Kijabe pre-Kristmas News

Moneys are browsing in the tree a few feet from my porch, the rain is drizzling down incessantly, the kids gave up on waiting for sun and went to play soccer anyway, Scott is on call but post-strike he has an INTERN, plus the rest of the world is not transferring patients our way left and right, so it's been relatively quiet. It's good to be home after several long hours sorting out both nursery and the regular paeds service this morning. One thing I do love about rounding on EVERYONE (OK I'm looking for a bright side here) is seeing the very baby who I despaired of living, now thriving. So nice to greet Dancun and his mom today. He's out of the incubator and starting to breast feed, happy and growing, and a few weeks ago I didn't believe he'd survive the night. We have a whole room of little oxygen-dependent heart-defect babies who are hoping for surgical sponsorship from a German charity (see "A tale of Two Hearts" and Our ICU baby is coming back to life too, and his neighbor is much better once we figures out his severe electrolyte deficits. Now I have been plowing through a month or more of flagged emails, the up side of being made immobile by having my hair braided. If it turns out I'll post a picture.
Most relieving news of the last few days: Caleb has officially completed his college applications. He hit the submit button. From our human perspective, it is done, and all goes into the black box of God's will and human random choice and the beating of butterfly wings in China that will somehow determine the next phase of his life.
Most exciting news: Julia got to fulfill her goal of learning to ride a motorcycle, thanks to the cheerful can-do kindness of another station family, who took her with a handful of boys out to the airstrip to practice.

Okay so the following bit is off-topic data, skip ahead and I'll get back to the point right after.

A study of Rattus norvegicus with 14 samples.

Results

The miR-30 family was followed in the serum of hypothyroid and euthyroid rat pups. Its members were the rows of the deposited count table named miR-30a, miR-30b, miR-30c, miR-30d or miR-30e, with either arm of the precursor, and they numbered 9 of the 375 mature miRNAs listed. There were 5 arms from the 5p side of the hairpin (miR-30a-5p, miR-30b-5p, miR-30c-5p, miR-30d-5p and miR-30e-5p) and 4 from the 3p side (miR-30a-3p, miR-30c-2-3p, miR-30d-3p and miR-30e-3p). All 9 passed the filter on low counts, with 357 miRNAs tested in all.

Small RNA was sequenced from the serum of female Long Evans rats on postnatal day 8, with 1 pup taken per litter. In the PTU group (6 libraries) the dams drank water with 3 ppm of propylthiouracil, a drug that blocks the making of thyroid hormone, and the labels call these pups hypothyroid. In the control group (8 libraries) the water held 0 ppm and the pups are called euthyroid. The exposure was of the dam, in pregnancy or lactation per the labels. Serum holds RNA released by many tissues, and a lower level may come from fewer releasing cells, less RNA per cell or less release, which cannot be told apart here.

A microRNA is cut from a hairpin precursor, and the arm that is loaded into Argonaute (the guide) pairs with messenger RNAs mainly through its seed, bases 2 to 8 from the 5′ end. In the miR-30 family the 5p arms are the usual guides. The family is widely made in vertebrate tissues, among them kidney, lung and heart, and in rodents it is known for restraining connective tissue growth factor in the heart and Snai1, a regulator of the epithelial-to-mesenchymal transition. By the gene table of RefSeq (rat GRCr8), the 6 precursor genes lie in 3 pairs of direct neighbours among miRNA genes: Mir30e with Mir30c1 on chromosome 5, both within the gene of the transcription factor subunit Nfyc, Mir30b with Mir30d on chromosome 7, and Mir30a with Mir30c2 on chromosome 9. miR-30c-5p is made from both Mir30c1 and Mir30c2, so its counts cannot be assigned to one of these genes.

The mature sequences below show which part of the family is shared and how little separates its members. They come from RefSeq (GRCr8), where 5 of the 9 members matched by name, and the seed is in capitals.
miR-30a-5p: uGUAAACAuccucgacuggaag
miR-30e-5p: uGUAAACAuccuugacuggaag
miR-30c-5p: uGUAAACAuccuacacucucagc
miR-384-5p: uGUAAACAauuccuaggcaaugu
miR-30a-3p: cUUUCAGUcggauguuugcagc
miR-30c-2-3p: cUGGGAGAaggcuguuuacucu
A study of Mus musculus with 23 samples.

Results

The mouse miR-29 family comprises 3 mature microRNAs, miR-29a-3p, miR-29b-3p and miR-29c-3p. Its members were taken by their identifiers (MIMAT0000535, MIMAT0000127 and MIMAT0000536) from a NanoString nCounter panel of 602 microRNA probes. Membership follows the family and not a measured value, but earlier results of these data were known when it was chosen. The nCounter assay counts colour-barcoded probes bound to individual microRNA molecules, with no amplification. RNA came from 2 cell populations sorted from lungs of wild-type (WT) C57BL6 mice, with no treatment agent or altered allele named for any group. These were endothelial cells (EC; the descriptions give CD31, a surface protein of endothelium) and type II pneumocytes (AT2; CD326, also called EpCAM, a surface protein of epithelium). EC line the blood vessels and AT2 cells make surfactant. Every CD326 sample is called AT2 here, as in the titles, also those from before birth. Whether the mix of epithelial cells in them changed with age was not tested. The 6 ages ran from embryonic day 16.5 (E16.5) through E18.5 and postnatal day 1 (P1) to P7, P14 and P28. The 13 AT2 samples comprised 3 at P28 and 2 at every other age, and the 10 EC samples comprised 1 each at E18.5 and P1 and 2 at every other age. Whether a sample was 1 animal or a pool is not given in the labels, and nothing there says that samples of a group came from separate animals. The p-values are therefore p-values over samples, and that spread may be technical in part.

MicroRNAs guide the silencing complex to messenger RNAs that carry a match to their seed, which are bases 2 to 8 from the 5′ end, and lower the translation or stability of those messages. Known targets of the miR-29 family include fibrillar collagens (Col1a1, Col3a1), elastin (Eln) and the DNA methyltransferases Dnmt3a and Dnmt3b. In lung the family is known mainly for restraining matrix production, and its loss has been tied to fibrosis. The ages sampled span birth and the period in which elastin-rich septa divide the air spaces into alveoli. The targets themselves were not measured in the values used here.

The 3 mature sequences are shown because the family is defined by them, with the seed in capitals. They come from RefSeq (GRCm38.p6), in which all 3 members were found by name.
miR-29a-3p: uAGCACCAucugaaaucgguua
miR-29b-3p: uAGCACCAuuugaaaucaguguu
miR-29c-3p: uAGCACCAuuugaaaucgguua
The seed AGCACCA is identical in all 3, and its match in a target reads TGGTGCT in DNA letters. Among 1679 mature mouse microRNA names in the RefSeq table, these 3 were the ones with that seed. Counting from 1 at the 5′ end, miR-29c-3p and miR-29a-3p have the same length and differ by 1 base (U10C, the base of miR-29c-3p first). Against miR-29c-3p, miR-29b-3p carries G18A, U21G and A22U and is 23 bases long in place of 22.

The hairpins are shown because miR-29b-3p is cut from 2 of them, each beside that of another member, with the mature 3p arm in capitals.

And most meaningful news, we had a lovely evening with our Medical Officer Interns. We had planned a pizza evening for them on the 16th but with the strike we weren't sure it would really happen. I think it was God's timing to bring us all back together. Six of the seven were able to come (one didn't get away from call at the hospital). I realized once again what a great group they are. Intelligent, game, hopeful, curious, seeking. I have to say they made some very good pizza, catching on quickly. They were, of course, rather late so it was dark as we finished. Then they came up with a couple of very active laughing dancing sort of games, almost giddy with the freedom of a night off, lots of food, the end of the year in sight, rest from their ten days of strike. We lit advent candles and focused on Zechariah 4, not by our might but by the Spirit, God bringing victory from the day of small things, very appropriate to our work. The evening ended with mutual thanks. I guess we're old enough to be their parents which was how they categorized us, and I was complimented by that. As we miss Bundibugyo, these evenings with our colleagues at Kijabe are very sweet to me.
And most anticipated news: Luke is, even now, in his organic chemistry final exam. In a few hours he'll be DONE with the first semester of his sophomore year, and boarding a plane for Africa.